UNITED NATIONS — Angelina Jolie and the United Nations’ refugee agency are parting ways after more than two decades.
In a joint statement issued Friday, the actress and the agency announced she was “moving on” from her role as the agency’s special envoy “to engage on a broader set of humanitarian and human rights issues.”
“I will continue to do everything in my power in the years to come to support refugees and other displaced people,” Jolie was quoted as saying in the joint statement, adding that she felt it was time “to work differently” by directly engaging with refugees and local organizations.
Jolie first started working with the U.N. refugee agency in 2001 and was appointed its special envoy in 2012. The release described her as “carrying out more than 60 field missions to bear witness to stories of suffering as well as hope and resilience,” most recently traveling to Burkina Faso.
“After a long and successful time with UNHCR, I appreciate her desire to shift her engagement and support her decision,” U.N. High Commissioner for Refugees Filippo Grandi was quoted as saying. “I know the refugee cause will remain close to her heart, and I am certain she will bring the same passion and attention to a wider humanitarian portfolio.”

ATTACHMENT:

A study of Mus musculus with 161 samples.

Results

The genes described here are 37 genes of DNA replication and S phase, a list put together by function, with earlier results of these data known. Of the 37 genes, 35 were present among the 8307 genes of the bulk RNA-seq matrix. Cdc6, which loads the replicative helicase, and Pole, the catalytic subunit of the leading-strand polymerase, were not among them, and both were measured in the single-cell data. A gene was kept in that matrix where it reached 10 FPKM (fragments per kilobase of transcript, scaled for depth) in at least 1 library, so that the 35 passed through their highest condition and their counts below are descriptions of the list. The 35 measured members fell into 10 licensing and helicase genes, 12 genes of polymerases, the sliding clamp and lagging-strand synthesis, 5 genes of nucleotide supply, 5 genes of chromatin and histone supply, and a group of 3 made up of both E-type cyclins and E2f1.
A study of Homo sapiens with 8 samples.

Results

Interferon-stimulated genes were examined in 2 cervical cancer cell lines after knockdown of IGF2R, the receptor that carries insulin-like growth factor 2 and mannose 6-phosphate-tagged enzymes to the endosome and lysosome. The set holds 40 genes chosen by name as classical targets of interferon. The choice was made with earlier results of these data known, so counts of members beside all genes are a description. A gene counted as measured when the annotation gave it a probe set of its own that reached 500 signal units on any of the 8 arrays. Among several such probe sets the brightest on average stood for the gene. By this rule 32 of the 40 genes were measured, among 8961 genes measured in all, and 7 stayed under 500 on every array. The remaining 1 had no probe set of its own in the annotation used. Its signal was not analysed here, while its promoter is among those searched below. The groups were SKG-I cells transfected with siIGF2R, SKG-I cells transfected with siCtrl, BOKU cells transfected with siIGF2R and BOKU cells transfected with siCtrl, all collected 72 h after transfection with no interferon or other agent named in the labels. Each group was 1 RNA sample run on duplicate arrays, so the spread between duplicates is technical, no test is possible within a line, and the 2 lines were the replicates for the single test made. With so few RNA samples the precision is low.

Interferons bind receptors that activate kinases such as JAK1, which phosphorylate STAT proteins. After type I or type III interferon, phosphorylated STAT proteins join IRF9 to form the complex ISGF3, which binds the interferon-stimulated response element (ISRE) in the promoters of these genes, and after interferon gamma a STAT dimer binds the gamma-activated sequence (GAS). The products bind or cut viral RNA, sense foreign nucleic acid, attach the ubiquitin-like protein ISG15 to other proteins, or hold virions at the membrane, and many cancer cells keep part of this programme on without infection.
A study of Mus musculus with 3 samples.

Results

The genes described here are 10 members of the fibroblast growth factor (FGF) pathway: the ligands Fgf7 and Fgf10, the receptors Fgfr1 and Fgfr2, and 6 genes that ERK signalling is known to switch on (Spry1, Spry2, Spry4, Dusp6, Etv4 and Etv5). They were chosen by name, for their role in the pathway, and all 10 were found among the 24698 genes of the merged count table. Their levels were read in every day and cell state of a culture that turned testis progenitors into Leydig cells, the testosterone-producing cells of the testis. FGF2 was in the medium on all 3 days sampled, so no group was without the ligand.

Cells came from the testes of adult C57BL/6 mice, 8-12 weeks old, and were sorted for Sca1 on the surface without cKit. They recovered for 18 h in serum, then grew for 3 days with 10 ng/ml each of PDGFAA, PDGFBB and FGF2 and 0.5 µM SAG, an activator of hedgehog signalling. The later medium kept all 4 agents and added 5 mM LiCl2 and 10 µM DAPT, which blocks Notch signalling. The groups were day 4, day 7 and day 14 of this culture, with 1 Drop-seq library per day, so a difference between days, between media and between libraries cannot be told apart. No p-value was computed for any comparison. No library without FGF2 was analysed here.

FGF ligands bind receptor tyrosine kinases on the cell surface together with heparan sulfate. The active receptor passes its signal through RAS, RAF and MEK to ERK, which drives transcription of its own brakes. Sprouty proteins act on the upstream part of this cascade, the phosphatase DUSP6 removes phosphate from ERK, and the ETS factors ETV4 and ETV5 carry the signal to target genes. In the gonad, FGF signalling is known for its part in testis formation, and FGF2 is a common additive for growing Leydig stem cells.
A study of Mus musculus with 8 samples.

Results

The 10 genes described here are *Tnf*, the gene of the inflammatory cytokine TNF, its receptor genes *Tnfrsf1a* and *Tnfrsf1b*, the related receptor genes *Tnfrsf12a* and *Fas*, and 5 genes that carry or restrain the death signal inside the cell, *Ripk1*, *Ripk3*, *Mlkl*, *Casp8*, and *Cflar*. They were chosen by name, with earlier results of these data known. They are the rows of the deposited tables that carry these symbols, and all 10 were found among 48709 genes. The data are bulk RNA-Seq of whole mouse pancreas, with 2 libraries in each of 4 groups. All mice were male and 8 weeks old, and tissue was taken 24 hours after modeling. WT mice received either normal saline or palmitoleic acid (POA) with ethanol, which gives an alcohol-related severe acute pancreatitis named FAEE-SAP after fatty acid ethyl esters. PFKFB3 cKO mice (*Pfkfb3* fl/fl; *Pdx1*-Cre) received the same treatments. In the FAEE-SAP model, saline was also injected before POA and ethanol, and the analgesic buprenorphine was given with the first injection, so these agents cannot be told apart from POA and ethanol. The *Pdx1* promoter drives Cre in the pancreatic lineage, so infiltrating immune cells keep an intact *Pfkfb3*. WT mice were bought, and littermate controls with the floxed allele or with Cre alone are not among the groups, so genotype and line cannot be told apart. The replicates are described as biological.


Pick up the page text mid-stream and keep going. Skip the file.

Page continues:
In an opinion piece published in The Guardian last month, Jolie alluded to frustration with the lack of global progress in ending sexual violence in conflict.
“We meet and discuss these horrors and agree that they should never be allowed to happen again. We promise to draw — and to hold — that line. But when it comes to hard choices about how to implement these promises, we run into the same problems time and again,” she wrote, specifically calling out U.N. Security Council members for “abusing their veto power.”
Jolie began visiting refugee camps in 2001, and was appointed as a UNHCR goodwill ambassador that same year. At the time, the then-high commissioner said he hoped the then-26-year-old actress could direct young people’s attention to the plight of refugees.
In response to a request for additional comment, the agency declined to offer further details, including whether they would appoint another special envoy to replace Jolie.